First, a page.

SEBI has issued a consultation paper on credit ratings of non-convertible debentures (NCDs) in which it has proposed to introduce Risk-o-meter which will depict the level of credit risk through a meter just like it did in mutual funds.
The regulator feels that Riskometer would provide investors an easy understanding of the kind of risk associated with different corporate bonds and their suitability to them.
SEBI has said that the advertisements of NCDs focus mainly on the coupon to lure the retail investors. In fact, the market regulator has found that a few companies issued both secured and unsecured NCD through same offer document with different credit ratings. It is difficult for the retail investors to differentiate between secured and unsecured issues within the same offer document, said SEBI.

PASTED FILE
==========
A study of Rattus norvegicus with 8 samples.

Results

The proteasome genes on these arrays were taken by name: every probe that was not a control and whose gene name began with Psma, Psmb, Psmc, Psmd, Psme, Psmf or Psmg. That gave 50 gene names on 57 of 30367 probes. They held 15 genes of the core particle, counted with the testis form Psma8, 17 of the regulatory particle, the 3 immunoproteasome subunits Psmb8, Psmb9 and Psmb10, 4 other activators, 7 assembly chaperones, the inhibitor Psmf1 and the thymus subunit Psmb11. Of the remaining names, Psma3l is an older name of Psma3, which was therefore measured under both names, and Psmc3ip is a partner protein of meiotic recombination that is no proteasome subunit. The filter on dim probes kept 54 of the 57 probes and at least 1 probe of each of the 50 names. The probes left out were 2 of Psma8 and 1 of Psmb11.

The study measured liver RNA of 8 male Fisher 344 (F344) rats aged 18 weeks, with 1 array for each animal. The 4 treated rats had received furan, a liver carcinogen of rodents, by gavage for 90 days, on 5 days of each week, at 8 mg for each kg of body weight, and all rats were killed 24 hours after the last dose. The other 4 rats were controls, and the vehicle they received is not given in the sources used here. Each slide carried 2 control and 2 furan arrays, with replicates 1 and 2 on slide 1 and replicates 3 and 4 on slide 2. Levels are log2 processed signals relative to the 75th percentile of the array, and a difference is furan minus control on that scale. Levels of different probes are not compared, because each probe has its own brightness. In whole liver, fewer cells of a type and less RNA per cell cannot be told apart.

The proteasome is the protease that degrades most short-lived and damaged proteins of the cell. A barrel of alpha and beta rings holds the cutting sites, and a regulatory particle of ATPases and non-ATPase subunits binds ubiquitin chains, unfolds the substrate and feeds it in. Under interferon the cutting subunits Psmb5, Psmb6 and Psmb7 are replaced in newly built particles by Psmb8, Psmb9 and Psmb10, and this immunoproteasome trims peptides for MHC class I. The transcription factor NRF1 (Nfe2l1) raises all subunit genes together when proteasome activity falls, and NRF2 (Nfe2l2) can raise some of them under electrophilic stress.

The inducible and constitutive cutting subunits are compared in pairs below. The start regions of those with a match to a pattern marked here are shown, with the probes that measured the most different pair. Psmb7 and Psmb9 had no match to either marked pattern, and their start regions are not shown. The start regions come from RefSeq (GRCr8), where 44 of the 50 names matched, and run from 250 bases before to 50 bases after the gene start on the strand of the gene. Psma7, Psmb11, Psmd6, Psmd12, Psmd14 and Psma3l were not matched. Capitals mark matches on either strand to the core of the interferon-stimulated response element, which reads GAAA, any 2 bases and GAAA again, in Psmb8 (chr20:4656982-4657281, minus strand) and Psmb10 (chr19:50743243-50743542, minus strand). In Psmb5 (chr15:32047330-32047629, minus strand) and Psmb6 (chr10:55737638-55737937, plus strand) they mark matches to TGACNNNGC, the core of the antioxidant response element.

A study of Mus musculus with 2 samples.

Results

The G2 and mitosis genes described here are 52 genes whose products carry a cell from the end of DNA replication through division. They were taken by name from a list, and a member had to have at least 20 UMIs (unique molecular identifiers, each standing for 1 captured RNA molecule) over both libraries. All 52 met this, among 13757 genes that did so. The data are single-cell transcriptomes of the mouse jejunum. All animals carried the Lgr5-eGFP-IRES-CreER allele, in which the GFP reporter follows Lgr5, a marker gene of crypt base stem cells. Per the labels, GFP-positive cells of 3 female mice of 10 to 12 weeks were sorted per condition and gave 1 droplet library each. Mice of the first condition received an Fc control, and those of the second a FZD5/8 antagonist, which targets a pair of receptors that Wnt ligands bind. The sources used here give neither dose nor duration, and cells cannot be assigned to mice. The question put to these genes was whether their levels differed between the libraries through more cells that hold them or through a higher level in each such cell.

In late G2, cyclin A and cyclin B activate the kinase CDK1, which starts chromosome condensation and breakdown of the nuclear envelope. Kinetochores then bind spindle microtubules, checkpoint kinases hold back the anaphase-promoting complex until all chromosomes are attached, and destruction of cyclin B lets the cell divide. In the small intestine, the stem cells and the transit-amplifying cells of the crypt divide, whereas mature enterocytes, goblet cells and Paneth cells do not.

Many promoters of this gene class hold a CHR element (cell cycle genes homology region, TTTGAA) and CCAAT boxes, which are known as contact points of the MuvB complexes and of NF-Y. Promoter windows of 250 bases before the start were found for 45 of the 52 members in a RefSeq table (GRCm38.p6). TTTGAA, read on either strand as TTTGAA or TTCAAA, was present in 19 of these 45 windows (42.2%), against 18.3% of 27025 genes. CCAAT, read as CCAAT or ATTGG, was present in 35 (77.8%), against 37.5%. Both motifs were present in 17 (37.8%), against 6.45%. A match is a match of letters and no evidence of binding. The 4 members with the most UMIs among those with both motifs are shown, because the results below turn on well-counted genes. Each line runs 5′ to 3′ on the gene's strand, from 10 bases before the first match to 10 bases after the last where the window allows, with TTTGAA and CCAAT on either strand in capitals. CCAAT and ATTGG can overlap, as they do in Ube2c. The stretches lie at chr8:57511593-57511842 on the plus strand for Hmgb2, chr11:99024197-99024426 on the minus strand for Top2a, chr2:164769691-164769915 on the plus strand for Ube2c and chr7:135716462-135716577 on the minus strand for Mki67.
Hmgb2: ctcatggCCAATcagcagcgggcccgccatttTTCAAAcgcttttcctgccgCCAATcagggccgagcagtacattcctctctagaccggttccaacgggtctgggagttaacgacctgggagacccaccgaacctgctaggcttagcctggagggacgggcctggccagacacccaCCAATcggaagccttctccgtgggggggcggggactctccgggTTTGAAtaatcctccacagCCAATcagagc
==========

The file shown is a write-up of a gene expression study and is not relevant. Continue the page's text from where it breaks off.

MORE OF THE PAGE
“It is felt that there needs to be an additional layer of protection for the retail investors, who get attracted towards such NCDs which though on one side pay higher coupon but on the other side have a below investment grade credit rating,” said SEBI.
Currently, an issuer indicates the credit rating on the front page of the offer document. SEBI feels that an investor may miss this disclosure on the credit rating and a better alternative would be to introduce the rating in a pictograph format.
Issuers are expected to put risk-o-meter in all their advertisement materials, front page of initial offering application forms, scheme information documents (SIDs) and common application forms.
The rating to be displayed on the ‘Risk-o-meter’ would be the latest rating provided by the credit rating agency. Modifiers such as ‘+’ (plus) or ’-‘(minus) may be included, if applicable, in the meter.
SEBI has said, “The concept of the ‘Risk-o-meter’ would be to draw attention of the investors towards the credit rating of the issue. This form of meter may be more relevant than the text on rating in the prospectus for investors, particularly retail, as it will make things easy to understand for them. The idea is not only to caution the investors but to enlighten them about the risk factor involved with the debt issue.”
SEBI data shows that companies have raised close to Rs.24,000 crore in the first six month of current financial year i.e. HFY 2016-17.